A complicated area of low pressure is developing today in the western Tasman Sea and will deepen over the weekend bringing some isolated areas of severe weather in New Zealand and widespread severe weather across south eastern Australia.
The low is going to be large enough to cover much of the Tasman Sea with the worst winds being on the Australian zone in the ‘squash zone’ between this Tasman Sea low and the incoming high from western Australia. The low itself, while very large, isn’t considered to be a ‘storm’ generally speaking.
This low will be so large it will fracture the rain clouds and encourage a fairly calm large centre, with the windiest weather in New Zealand also caused by a different ‘squash zone’. Unlike Aussie’s colder southerly squash zone New Zealand’s will be more from the northerly quarter (and sub-tropical) and will be caused by the high we currently have over us departing away slowly than the low is trying to move in. Heavy downpours are expected this weekend in northern New Zealand and then easing on Monday, along with these gusty winds. There may also be gusty winds through Westland this week as today’s high starts to depart.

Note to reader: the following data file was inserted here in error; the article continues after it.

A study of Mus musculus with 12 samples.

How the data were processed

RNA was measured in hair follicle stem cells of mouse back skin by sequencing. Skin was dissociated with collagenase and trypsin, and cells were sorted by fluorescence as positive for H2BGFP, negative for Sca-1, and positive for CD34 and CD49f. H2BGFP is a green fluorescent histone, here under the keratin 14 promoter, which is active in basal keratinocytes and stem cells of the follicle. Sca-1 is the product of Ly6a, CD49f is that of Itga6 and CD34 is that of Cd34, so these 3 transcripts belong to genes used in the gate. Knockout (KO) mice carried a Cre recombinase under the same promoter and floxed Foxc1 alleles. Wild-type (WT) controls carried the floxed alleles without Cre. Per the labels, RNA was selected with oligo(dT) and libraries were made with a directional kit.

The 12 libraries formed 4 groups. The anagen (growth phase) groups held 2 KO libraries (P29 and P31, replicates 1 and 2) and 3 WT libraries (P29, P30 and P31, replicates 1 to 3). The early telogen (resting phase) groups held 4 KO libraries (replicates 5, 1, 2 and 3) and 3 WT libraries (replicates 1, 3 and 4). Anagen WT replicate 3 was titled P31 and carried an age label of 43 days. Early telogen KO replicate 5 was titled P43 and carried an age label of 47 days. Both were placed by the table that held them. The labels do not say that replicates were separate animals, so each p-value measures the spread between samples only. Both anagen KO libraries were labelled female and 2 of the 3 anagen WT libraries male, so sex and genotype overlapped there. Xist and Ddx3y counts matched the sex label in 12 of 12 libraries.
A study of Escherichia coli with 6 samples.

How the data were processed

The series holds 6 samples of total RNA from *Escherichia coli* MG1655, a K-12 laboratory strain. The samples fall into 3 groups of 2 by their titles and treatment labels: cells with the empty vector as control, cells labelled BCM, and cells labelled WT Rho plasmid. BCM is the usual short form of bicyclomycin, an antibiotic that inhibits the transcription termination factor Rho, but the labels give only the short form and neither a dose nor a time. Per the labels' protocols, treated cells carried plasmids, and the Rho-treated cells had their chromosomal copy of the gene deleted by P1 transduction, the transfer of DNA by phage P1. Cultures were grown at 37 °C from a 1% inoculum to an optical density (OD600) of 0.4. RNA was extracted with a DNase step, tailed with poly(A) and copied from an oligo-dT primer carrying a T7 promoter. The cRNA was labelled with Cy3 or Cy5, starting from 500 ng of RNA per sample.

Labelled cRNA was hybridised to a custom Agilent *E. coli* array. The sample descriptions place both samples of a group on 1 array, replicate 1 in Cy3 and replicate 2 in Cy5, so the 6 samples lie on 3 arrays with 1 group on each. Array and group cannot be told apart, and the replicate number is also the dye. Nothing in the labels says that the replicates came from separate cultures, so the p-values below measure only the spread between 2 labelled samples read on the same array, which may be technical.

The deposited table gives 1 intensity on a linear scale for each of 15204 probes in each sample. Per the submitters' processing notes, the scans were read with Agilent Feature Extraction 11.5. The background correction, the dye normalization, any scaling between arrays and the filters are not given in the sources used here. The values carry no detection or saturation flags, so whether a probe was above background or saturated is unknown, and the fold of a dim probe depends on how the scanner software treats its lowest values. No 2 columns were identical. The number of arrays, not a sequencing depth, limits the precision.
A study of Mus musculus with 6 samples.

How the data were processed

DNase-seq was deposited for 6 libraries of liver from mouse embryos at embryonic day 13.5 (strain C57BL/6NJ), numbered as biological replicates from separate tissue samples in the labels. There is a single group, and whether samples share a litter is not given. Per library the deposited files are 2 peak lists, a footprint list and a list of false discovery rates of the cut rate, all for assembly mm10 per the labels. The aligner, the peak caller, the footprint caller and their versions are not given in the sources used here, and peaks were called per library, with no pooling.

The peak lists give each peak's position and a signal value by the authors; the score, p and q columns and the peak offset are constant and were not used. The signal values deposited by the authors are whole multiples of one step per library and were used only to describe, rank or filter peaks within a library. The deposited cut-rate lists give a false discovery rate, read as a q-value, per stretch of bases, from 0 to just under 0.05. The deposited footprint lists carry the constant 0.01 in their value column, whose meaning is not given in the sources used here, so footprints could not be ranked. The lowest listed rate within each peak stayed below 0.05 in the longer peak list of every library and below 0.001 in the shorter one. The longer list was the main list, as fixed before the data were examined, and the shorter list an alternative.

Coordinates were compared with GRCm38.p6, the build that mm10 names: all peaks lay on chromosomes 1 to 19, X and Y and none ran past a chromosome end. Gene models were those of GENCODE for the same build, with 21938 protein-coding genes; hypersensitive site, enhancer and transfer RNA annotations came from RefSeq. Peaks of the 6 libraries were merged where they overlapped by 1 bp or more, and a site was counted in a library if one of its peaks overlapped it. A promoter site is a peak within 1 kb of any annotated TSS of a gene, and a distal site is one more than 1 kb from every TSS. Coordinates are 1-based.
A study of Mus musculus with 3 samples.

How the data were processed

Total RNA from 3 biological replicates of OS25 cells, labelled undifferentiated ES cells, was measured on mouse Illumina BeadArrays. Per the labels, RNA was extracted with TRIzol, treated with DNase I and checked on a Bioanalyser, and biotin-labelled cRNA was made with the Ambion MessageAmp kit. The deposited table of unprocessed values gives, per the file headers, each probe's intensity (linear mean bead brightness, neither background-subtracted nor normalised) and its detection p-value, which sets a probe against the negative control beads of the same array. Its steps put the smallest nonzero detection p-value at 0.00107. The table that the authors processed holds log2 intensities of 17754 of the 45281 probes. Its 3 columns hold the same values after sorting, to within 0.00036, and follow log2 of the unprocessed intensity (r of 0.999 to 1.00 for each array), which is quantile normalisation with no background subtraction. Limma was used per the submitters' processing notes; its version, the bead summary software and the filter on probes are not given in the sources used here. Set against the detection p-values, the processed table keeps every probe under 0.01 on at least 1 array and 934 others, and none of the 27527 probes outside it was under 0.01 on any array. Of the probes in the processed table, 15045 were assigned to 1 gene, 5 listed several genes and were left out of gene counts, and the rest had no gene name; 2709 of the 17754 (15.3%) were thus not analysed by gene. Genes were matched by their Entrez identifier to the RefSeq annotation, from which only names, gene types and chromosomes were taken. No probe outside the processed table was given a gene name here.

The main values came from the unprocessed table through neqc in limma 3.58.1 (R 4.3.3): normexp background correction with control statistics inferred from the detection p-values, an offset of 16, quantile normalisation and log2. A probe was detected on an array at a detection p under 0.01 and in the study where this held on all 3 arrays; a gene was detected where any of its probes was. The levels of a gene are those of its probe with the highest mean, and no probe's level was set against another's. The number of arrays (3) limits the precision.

Next week this large Tasman Sea low will start to shrink in size for a time based on reliable modelling and slowly starts to meander towards New Zealand – but a possible Antarctic blast next week over Tasmania and south eastern Australia (next Thursday and Friday at this stage) may energise this low once again. It’s unclear if New Zealand will also be hit by the colder air, or simply the warmer rain making low. It’s now ‘one to watch’ and shows the weather pattern next week will be quite different to the more settled one around large parts of New Zealand this week.
– Noon Next Friday (May 18th) shows the same area of low pressure being energised by a southerly on the Australian side. This map will likely change but shows the set up is large and complicated. Model by GFS. (ECMWF out of Europe shows a similar set up too).